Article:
An engineering firm has outlined a proposal for the development of housing in Southwood Valley, a large, natural area in the midst of Orinda.
The Southwood plan might not comply with Orinda’s General Plan. Each city in California is required to have a General Plan, which is a document covering a city’s governance, especially in the area of land use.
At a meeting at the Orinda Public Library on April 16, 2018, Design Resources, an engineering firm in Walnut Creek, described a plan to build 18 homes in the valley. The 18 homes would occupy 10 acres of Southwood Valley’s 43 acres.
Over 100 people attended the meeting, many of them critical of the plan.
Southwood Valley is near such Orinda streets as Bates Boulevard, Tahos Road, and Southwood Drive.
Orinda’s General Plan, which provides rules governing the city’s use of its land, specifically mentions Southwood Valley. The General Plan states: “Prior to development . . . for the 43-acre Southwood Valley parcel, an environmental constraints study shall be completed by the City at the expense of the owner and upon request of the owner.”
Chris Kniel, an Orinda resident, has criticized development of Southwood Valley. Kniel, in an April 19, 2018, written statement said: “The General Plan specifically says for Southwood Valley that a complete Environmental Impact Report must be prepared prior to any determination of development and the number of homes that might be supported on 10 acres . . .”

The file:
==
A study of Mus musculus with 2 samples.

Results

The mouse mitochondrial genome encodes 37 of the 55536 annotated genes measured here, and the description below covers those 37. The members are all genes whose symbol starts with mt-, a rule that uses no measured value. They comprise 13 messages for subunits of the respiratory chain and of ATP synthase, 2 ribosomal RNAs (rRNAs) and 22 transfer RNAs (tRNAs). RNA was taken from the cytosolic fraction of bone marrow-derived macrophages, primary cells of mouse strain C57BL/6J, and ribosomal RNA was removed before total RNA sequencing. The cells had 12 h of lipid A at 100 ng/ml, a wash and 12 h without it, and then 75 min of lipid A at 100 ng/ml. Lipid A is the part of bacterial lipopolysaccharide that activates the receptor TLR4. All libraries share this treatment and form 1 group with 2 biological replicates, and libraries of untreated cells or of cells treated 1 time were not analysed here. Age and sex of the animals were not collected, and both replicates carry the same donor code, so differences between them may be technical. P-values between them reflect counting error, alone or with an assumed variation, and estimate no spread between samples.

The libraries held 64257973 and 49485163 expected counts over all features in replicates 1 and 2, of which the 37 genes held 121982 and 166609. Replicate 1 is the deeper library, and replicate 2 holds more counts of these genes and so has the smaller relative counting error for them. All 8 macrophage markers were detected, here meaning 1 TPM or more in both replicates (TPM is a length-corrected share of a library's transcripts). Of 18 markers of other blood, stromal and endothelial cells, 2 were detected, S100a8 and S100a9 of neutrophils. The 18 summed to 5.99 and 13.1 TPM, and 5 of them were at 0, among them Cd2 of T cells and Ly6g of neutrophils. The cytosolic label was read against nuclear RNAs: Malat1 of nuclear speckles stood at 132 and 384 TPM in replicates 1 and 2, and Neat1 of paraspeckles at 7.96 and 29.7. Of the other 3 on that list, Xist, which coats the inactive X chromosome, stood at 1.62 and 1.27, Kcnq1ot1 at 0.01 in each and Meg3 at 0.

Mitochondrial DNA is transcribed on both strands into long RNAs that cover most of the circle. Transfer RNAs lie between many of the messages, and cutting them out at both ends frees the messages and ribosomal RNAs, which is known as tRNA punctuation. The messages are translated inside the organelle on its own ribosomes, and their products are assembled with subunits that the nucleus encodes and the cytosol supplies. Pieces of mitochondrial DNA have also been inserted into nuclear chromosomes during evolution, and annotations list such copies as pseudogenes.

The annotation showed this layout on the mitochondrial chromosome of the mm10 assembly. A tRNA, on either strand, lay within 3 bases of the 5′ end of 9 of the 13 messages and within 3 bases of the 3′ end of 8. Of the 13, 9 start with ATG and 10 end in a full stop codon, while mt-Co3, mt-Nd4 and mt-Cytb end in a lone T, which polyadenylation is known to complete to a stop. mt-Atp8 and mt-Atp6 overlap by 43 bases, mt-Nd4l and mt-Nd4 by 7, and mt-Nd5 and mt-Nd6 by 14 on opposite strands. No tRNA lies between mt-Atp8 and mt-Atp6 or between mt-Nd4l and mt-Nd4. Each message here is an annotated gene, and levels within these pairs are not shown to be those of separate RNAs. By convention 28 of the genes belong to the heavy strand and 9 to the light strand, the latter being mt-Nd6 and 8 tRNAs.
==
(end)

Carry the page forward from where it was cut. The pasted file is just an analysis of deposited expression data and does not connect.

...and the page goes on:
Ross Avedian, an official of Design Resources, said at the April 16 meeting that an Environmental Impact Report has “not yet” been done.
Referring to Design Resources proposal, Mr. Kniel said, “Their proposal is absurd. It represents a major insult to the neighborhood and the Orinda community.”
Another Orinda resident who attended the meeting said, “The development, if carried out, could easily lead to mudslides during a rainstorm.”
According to Yuri Eliyahu of Design Resources, Southwood Valley is a geologically active site and can experience landslides.
At the April 16 meeting, officials of Design Resources said that they did not know what the probable cost of each of the 18 proposed homes would be. A member of the audience familiar with construction estimated that each individual home would cost a buyer between $2.5 million and $4.0 million.
Making a presentation at the meeting was Emmanuel Ursu, Orinda’s former planning director. When asked if any of the 18 proposed homes would be set aside for low-income people, he refused to reply and quickly walked away.
To learn more about Orinda’s plans for Southwood Valley, an inquiry to a high official of the Orinda government went unanswered.